Italy's president concluded a first day of crisis talks on Wednesday in a bid to form a new coalition government as a proposed alliance between the anti-establishment Five Star Movement and opposition centre-left Democratic Party appeared to gain traction.
President Sergio Mattarella met political figures, including the leaders of both houses of parliament, following the resignation of Prime Minister Giuseppe Conte and the disintegration of Italy's anti-immigrant government.
He will meet the main party chiefs on Thursday.
Political manoeuvring to form a new coalition has already started with Democratic Party (PD) leader Nicola Zingaretti saying his members were "united" in making a deal with Five Star (M5S).
Mattarella is exploring whether a stable coalition is possible.
If not he will consider a short-term technocratic government or a snap election, just 14 months after Conte took the helm of the doomed alliance between the far-right League and M5S.
Conte quit on Tuesday after lashing out at Interior Minister Matteo Salvini, who tried to bring down the government to force a snap election and take advantage of a surge in popularity for his League party.
- 'Dark clouds' -
The move left the eurozone's third largest economy in a political vacuum following a year of nationalist, populist government which angered many other European leaders with its demonisation of migrants and attempts to flout EU budget rules.
Investors appeared to believe the crisis would be short-lived with the much watched spread -- the gap between German and Italian bond yields -- shrinking, indicating the markets do not perceive significant risk at this stage.
"If they manage to form a new government, it would be welcomed with some caution by other EU leaders who might see it as an opportunity to avoid a showdown over Italy's budget in the next few months," said the director of Future Europe Initiative, Benjamin Haddad.
Italy needs to approve a budget in the next few months or could face an automatic rise in value-added tax that would hit the least well-off families the hardest and likely plunge the country into recession.
Although the PD and M5S have been at each other's throats for years, an alliance would see Salvini kicked out of government -- a powerful motive for compromise.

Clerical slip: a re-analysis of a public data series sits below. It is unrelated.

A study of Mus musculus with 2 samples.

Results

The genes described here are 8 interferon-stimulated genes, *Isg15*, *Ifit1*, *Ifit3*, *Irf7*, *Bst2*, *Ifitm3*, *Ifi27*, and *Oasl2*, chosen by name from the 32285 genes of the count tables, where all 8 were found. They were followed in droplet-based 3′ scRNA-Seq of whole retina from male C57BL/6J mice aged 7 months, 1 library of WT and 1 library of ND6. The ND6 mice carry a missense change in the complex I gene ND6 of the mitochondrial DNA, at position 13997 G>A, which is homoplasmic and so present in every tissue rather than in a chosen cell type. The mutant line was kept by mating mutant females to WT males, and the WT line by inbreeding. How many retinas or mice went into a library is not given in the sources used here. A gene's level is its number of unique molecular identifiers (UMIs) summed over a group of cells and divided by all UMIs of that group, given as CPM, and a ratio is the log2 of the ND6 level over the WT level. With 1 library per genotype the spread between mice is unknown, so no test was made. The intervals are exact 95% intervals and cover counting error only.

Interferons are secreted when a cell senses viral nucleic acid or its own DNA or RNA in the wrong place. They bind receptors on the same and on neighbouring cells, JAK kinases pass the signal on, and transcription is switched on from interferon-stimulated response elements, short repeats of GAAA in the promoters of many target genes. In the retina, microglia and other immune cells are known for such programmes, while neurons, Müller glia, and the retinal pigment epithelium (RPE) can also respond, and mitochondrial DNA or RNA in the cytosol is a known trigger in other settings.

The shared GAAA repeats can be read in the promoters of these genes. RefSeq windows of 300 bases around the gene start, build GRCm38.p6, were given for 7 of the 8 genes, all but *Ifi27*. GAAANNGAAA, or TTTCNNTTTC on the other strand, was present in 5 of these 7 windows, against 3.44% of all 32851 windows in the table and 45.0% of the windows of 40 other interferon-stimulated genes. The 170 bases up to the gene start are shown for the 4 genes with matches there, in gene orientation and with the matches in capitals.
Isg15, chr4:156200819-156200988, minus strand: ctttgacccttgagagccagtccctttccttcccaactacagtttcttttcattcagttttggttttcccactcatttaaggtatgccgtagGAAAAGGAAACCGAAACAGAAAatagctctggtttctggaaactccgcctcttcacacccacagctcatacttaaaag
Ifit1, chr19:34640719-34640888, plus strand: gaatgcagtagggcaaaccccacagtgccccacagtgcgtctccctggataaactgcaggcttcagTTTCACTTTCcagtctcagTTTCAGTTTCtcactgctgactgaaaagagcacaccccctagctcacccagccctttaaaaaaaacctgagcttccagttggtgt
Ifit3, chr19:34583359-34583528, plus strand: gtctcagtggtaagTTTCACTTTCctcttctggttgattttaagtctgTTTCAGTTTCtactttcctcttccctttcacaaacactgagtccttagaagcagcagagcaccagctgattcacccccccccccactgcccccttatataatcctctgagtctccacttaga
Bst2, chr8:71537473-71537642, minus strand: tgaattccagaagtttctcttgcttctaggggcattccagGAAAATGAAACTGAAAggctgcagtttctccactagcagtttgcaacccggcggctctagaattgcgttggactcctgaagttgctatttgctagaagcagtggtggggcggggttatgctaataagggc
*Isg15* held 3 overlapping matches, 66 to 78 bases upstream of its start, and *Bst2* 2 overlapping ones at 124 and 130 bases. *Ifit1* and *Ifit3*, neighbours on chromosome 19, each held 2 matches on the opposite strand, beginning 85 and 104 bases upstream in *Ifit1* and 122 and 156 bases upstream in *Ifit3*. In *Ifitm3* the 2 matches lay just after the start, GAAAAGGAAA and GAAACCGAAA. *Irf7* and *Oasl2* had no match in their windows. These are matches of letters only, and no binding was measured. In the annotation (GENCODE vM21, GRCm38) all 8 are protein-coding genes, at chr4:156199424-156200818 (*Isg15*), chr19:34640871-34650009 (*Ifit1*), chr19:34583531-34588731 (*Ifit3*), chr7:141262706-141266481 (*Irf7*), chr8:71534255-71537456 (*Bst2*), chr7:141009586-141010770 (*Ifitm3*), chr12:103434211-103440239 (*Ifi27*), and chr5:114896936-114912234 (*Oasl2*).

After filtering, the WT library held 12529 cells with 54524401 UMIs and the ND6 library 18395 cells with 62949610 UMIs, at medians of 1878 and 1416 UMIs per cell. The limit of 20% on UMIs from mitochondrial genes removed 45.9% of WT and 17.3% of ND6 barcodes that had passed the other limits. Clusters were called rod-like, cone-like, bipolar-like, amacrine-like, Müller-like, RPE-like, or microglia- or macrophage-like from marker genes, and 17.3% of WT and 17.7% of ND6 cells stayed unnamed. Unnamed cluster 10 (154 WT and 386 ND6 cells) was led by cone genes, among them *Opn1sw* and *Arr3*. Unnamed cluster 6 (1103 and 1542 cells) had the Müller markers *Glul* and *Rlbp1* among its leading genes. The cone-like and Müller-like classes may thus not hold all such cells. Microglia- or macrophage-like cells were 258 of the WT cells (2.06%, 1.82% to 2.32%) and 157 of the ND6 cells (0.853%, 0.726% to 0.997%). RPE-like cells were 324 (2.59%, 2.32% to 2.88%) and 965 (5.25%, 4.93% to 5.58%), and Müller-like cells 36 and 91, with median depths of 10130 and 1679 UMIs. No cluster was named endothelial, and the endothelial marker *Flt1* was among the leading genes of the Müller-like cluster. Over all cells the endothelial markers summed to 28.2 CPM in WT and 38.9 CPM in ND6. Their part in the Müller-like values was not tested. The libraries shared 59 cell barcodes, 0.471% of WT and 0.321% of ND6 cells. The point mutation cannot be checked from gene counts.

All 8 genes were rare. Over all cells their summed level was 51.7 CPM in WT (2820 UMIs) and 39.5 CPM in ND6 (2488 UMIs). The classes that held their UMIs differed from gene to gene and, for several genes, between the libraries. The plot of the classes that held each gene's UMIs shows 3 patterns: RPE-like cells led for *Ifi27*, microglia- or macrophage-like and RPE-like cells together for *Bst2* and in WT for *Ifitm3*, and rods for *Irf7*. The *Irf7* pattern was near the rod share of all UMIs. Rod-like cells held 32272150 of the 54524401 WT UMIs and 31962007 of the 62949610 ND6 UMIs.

After a PD party meeting on Wednesday, leader Zingaretti said lawmakers would form an alliance dependent on five conditions.
They include a radical shift in Italy's zero-tolerance policy on migrants crossing the Mediterranean, pro-European policies and a focus on improving living standards.
The PD wants to work with M5S to deliver "a shareable, achievable program by a large parliamentary majority," Zingaretti said.
He later told "La 7" television he was also against the idea of Conte staying on as prime minister.
M5S would like Conte to remain in place but did not give much away, saying it would "wait for the end of consultations".
- 'Back to Europe' -
Italy's economy has been caught in a slow or no-growth trap throughout this century.
The country's debt ratio -- 132 percent of gross domestic product -- is the second-biggest in the eurozone after Greece, and youth unemployment is currently above 30 percent.
In a bid to get a PD-M5S alliance off the ground -- a grouping previously almost unthinkable -- former PD premier Matteo Renzi has said he will not participate.
Many in the anti-establishment M5S view him as elitist.
"Populists are effective in election campaigns but a catastrophe once in government! We must bring Italy back to Europe with France and Germany," Renzi tweeted on Wednesday, calling for a pro-EU coalition.
Mattarella will give PD and M5S until early next week to hammer out a coalition agreement, according to media reports.
With signs that a PD-M5S deal was possible, Salvini mocked his former coalition allies saying: "In a week they have gone from the League to Renzi".
"No matter which government emerges, its goals will be against the League," he said.